I self-identify myself in the title of this post because my personal background likely has more in common with the Amazon employees, however high up, than it does the with authors whose books are affected. As such I’m hereby saying to the ham-fisted error-makers: what happened was really really bad. Here’s why:
Not so long ago, gay, lesbian, bi, trans, and queer/questioning individuals had bookstores that functioned effectively as community centers–providing books, videos, bulletin boards, safe spaces, workshops, to the community. However, of the course of the past twenty years “mainstream,” heteronormative capitalism made social contracts with GLBTQ persons. We’ll sell you all that stuff, and we’ll give you discounts, and it’ll be even more convenient, and customer service will be more predictable. We’ll have shelves just for you, we’ll have categories and tags that will allow you to find all the stuff you need. (No, no one signed this contract–like the social contract that made democracy, it’s one you go along with, it’s not handed to you at birth, or on reaching the age of majority.)
Amazon breached that social contract. The breach was no less problematic if it wasn’t entirely intentional, as Patrick Nielsen Hayden’s excellent post makes clear (and boy does he have a great commentariat…). Because in a world where whiteness and straightness are “norms” and males benefit from our patriarchal history, it is always the GLBTQ books, the queer books, the non-normative books that get caught in the glitches, the ham-fisted errors.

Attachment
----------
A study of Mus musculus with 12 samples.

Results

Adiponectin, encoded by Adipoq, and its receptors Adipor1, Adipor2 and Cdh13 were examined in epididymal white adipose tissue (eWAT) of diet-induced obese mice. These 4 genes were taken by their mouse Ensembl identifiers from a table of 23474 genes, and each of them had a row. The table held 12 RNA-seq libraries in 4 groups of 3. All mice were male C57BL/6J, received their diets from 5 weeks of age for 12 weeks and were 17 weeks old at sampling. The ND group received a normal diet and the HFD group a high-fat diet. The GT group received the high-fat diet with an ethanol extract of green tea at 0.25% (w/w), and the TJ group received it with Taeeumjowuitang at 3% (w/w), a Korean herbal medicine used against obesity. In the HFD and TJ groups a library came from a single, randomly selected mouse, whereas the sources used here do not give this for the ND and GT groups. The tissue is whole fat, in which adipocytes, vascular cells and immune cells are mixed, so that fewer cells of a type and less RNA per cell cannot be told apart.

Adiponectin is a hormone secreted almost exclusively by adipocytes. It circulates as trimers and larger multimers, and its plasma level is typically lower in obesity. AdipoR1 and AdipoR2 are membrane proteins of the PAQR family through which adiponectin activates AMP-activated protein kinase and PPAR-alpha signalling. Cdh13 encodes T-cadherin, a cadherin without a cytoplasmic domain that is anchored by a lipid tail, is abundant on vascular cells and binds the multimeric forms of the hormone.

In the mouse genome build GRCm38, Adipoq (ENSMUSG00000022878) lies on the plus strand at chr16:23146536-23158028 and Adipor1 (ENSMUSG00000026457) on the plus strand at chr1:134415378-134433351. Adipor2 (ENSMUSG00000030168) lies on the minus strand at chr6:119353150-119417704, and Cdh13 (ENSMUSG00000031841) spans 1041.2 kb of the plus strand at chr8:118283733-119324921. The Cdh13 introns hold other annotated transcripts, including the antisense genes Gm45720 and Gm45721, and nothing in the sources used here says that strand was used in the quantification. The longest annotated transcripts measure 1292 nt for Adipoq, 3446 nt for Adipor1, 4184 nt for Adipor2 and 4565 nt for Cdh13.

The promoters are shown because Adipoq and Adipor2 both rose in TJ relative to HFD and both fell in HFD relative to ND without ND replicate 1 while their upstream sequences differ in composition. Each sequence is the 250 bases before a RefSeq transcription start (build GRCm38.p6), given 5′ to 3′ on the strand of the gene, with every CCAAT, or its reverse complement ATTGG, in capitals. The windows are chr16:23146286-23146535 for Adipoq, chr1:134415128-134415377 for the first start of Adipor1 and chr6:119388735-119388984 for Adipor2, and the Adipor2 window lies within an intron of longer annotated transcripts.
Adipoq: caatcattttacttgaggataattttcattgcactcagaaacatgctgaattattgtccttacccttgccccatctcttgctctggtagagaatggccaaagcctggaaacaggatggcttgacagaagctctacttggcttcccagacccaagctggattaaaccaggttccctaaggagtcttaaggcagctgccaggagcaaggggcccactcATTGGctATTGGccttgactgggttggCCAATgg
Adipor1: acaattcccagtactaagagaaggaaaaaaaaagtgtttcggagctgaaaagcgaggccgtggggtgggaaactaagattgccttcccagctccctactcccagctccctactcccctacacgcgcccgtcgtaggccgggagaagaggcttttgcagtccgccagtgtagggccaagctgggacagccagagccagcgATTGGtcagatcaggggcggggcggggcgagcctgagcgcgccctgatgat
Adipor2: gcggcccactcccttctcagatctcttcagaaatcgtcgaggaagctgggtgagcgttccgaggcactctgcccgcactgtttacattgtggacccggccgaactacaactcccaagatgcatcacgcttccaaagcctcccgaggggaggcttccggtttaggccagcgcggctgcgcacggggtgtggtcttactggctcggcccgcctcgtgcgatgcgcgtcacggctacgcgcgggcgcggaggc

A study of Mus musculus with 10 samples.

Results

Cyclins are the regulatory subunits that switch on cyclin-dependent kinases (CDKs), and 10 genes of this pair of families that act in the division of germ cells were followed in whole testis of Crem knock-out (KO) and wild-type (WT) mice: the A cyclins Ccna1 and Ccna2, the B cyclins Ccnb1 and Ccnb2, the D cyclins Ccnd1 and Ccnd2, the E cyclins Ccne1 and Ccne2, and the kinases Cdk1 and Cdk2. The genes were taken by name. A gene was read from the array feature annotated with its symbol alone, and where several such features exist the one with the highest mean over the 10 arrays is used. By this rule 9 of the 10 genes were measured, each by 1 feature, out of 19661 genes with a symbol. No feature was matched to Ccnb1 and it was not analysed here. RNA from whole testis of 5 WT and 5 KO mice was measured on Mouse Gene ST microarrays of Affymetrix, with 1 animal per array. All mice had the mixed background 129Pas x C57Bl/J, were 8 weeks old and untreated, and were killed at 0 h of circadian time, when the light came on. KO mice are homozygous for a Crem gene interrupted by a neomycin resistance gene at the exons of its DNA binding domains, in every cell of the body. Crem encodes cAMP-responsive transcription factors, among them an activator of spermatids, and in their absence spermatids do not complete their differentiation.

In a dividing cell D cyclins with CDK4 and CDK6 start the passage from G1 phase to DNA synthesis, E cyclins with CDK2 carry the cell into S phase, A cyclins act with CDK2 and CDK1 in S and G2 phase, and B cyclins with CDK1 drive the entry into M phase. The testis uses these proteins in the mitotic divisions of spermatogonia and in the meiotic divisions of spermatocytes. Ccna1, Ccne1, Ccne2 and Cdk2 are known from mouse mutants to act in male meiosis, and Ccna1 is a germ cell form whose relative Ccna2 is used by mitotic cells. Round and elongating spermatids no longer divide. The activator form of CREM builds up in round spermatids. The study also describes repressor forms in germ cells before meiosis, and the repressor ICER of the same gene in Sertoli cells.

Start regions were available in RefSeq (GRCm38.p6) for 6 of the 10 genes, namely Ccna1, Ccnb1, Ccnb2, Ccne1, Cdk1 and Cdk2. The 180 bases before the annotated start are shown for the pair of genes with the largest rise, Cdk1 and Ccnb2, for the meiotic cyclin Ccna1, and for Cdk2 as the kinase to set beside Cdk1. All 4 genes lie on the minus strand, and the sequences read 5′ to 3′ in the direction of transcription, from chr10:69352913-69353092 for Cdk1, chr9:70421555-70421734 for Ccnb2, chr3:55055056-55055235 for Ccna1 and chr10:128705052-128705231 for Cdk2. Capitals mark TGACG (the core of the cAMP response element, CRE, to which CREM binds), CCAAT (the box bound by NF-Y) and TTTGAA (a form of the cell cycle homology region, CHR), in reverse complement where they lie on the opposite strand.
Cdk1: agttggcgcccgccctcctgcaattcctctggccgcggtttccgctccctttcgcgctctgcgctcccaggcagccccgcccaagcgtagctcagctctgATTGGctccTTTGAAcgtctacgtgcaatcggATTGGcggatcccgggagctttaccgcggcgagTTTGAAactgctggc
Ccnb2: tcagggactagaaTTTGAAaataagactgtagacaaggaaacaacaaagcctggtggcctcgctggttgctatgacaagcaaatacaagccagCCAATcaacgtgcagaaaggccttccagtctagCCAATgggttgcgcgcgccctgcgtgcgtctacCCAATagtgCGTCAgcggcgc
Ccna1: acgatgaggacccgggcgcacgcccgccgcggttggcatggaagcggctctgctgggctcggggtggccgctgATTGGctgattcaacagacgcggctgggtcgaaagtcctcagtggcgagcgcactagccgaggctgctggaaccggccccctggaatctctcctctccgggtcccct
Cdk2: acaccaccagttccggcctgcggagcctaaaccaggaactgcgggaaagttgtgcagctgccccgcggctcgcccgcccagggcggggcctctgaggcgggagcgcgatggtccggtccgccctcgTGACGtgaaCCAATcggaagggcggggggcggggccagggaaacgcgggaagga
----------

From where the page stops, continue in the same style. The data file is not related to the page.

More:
The onus is on us, as Tim Wise has taught so well on the topic of white privilege. We cannot be given the benefit of the doubt, because it is always us who get the benefit of the doubt in our society, and if we are to take the pink and lavender dollars, and if we are to say, you don’t need A Different Light, or Oscar Wilde Bookstore, we’ll hook you up just fine, then we can never let this happen. I learned this as a straight white male publisher of queer books, it was why I took care to try to find staff who are gay or trans, to catch my complacency, my temptation to think I deserved the benefit of the doubt.
I didn’t, nor does Amazon. The vigilance and outrage demonstrated on Twitter are necessary, not because the folks at Amazon are bad people, but because the books that were de-ranked were de-ranked because it is always the outsider whose books get de-ranked and “mainstream” society and the capitalist institutions that operate within it, whether my old company or Amazon, must self-police ruthlessly in order to guard against this kind of thing happening.
They didn’t, hence #AmazonFail.
In effect: guilty until proven innocent is the standard to which we must hold ourselves. Because that’s how the other half lives, without any choice in the matter.